Data TutorialsSaaS Metrics

How to Perform a Cohort Analysis to Track Customer Retention Rate

Posted by Tina Nguyen, Mike Yi

What is a Cohort Analysis?

A cohort analysis is a powerful and insightful method to analyze a specific metric by comparing its behavior between different groups of users, called cohorts. This type of data analysis is most often segmented by user acquisition date, and can help businesses understand customer lifecycle and the health of your business and seasonality.

Use Cases for a Cohort Analysis

Since cohorts are most commonly segmented by a time-dependent grouping, such as user acquisition or user start date, it can be used to glean a number of insights on key metrics for your business:

  • Monthly revenue growth based on time of year - allows you to see if new cohorts are more or less valuable than previous cohorts

  • Determines if your business gets impacted by seasonality

  • How updates to your website impact user acquisition

  • Marketing campaign effectiveness over time

  • Customer Lifetime Value

  • Customer Churn

  • Customer Retention Rate

How to Perform a Cohort Analysis to Track Customer Retention Rate

Customer retention rate can be measured by using a cohort analysis in Chartio. The idea is that you’ll track the customer retention rate by grouping users by their sign up date (such as daily, weekly, or monthly, depending on your business objectives and pricing model).

To perform a cohort analysis in Chartio to track customer retention rate, there are three pieces of data needed:

  1. Who you are tracking
  2. Sign up date
  3. Metric value on all subsequent dates after sign up

All of this data can usually be found in an event table with a user ID and event timestamp. We’ll bring this together in a SQL query and add it to Chartio as a custom table in the data source. The assumption for this is your data source has the ability to do common table expressions (CTEs). If not, you’ll need to do this as subqueries.

To begin forming your query you’ll want to answer two questions: “who are we tracking?” and “when did they first sign up?”.

You might have a users table which shows you both of those items. Often it will be a user ID and signup date. If not, you can generally look at an events table and get the user id with the minimum or MIN event date as their signup. We’re using the Chartio Demo Data Source which runs on PostgreSQL as our example:

SELECT "Activity"."user_id" AS "User_Id",
DATE_TRUNC('day', MIN("Activity"."created_date"))::DATE AS "First_Event_Date"
FROM "public"."activity" AS "Activity"
GROUP BY "Activity"."user_id";

Next, we just select the user and their event dates to compare to their signup event.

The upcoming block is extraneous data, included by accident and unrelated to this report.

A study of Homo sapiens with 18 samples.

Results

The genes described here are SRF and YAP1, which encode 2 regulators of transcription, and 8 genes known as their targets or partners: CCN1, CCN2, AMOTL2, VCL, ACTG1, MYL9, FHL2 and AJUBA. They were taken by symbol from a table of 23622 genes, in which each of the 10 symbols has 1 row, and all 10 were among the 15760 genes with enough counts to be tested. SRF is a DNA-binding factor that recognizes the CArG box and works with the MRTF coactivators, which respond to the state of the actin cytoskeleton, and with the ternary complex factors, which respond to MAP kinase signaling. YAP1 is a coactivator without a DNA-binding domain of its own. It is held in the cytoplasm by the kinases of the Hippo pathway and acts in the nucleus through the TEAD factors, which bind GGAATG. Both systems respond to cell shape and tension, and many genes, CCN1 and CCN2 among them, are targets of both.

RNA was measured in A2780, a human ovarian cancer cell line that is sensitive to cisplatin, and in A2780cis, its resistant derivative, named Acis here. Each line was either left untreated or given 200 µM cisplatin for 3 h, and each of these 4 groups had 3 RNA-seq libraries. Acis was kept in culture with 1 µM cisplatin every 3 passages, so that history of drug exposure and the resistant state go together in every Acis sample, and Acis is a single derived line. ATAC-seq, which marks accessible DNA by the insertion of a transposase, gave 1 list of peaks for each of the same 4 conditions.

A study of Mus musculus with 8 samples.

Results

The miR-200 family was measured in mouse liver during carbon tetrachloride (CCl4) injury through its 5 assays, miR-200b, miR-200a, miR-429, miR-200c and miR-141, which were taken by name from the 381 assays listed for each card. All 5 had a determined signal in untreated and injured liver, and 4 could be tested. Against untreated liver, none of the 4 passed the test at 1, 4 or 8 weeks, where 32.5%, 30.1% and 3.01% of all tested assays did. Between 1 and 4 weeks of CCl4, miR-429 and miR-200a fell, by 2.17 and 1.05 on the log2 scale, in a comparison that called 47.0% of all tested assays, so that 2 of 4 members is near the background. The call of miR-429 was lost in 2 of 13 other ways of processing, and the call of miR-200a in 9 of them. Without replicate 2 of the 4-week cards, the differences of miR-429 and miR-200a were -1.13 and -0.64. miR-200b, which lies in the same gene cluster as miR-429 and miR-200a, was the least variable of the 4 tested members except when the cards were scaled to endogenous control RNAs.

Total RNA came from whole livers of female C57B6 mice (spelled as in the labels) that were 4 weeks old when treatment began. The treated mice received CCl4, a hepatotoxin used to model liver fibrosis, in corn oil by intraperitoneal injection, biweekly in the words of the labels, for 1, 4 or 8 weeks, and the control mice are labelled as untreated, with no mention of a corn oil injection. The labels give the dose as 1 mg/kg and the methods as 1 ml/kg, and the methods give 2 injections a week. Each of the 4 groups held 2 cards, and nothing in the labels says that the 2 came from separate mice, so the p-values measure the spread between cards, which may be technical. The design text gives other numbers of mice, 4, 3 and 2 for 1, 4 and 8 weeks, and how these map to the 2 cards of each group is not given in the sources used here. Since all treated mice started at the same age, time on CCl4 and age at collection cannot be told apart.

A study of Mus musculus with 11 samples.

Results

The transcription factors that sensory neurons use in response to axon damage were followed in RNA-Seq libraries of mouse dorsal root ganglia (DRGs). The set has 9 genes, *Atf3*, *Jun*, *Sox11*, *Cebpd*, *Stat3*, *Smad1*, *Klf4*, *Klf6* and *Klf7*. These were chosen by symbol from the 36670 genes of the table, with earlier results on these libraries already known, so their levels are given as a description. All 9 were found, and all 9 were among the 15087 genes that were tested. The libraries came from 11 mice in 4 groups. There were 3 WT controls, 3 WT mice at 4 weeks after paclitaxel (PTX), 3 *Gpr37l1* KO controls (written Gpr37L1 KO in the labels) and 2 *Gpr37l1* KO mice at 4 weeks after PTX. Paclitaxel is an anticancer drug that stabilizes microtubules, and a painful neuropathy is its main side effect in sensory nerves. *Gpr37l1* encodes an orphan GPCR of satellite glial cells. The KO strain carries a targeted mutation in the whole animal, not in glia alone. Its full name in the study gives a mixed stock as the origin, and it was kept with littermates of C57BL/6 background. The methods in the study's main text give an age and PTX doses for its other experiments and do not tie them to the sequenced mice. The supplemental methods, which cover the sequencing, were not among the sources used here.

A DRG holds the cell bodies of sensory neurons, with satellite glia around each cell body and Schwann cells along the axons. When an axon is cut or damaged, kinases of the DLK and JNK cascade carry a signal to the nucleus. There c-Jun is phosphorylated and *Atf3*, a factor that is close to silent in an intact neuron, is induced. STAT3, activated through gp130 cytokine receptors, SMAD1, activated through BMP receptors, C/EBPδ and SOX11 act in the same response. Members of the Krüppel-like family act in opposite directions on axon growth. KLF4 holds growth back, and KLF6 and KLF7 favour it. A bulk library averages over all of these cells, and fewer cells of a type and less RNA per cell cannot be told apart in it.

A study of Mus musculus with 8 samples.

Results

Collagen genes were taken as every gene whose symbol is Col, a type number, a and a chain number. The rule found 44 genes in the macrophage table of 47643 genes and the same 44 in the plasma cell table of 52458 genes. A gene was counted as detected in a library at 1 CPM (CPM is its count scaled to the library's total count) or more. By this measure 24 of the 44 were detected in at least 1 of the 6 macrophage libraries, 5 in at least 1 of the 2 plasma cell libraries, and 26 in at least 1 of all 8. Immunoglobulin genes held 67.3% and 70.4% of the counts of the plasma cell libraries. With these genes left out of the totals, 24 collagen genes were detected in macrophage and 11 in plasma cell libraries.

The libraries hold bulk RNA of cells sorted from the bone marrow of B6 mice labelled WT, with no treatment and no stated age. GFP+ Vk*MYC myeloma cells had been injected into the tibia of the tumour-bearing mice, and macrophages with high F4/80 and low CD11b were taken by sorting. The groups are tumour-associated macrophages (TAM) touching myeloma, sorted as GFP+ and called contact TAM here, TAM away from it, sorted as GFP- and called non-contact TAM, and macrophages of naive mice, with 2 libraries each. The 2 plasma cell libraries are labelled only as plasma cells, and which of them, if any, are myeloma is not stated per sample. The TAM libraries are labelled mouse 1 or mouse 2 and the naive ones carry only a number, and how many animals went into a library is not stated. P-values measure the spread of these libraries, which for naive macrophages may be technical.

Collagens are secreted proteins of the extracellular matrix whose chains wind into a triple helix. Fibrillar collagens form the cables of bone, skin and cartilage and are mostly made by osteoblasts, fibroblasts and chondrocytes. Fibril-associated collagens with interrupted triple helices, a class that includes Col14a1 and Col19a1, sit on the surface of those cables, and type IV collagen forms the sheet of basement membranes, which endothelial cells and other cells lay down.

SELECT "Activity"."user_id" AS "User_Id",
DATE_TRUNC('day', "Activity"."created_date")::DATE AS "User_Event_Date"
FROM "public"."activity" AS "Activity"

Finally, we pull the two queries together and then calculate the time between the user’s sign up date and their event date. We’ll do this in the form of a common table expression:

SELECT "Activity"."user_id" AS "User_Id",
DATE_TRUNC('day', MIN("Activity"."created_date"))::DATE AS "First_Event_Date"
FROM "public"."activity" AS "Activity"
GROUP BY "Activity"."user_id"),

"EVENT" as (SELECT "Activity"."user_id" AS "User_Id",
DATE_TRUNC('day', "Activity"."created_date")::DATE AS "User_Event_Date"
FROM "public"."activity" AS "Activity")

select "USER_FIRST_EVENT"."User_Id",
"EVENT"."User_Event_Date"- "USER_FIRST_EVENT"."First_Event_Date" as "Days_Since_Signup",
("EVENT"."User_Event_Date"- "USER_FIRST_EVENT"."First_Event_Date")/7 as "Weeks_Since_Signup"

JOIN "EVENT" on "USER_FIRST_EVENT"."User_Id" = "EVENT"."User_Id"

We included a calculation to determine how long it has been for each event from the signup date in both a day and week calculation. We’ll use these in the tables and charts.

Now that we’ve written our SQL query, we can move on to performing the cohort analysis in Chartio by following these steps:

Exploration of cohort data by week

  1. Add the above to Chartio as a custom table for that data source
  2. Once this custom table has been created in the schema, go to the Chartio Data Explorer. (Documentation: Using Your Custom Table)
  3. From the new ‘Cohort’ table add User_ID to ‘Measures’ and set the aggregation to Count Distinct
  4. Add the First Event Date to ‘Dimensions’. At this point you can cohort at the Date level or you can change the data bucketing to Week or Month to set the cohorts at higher levels of aggregation
  5. Add in the Weeks Since Sign Up to the ‘Dimensions’
  6. Run the Query and then add a Pivot Step
  7. The Pivot Step will pivot the Weeks Since Signup which will line up your individual weeks in a table
  8. Each cohort is now a row in the table, with columns indicating activity in each period after their signup; customer retention rate can be observed from how quickly activity changes over time.


A cohort analysis gives you a deeper understanding of your users and can glean insights on the health of your business. In measuring the customer retention rate metric as a cohort analysis, you can see the value of each customer cohort and understand more about how to retain your customers for long-term growth.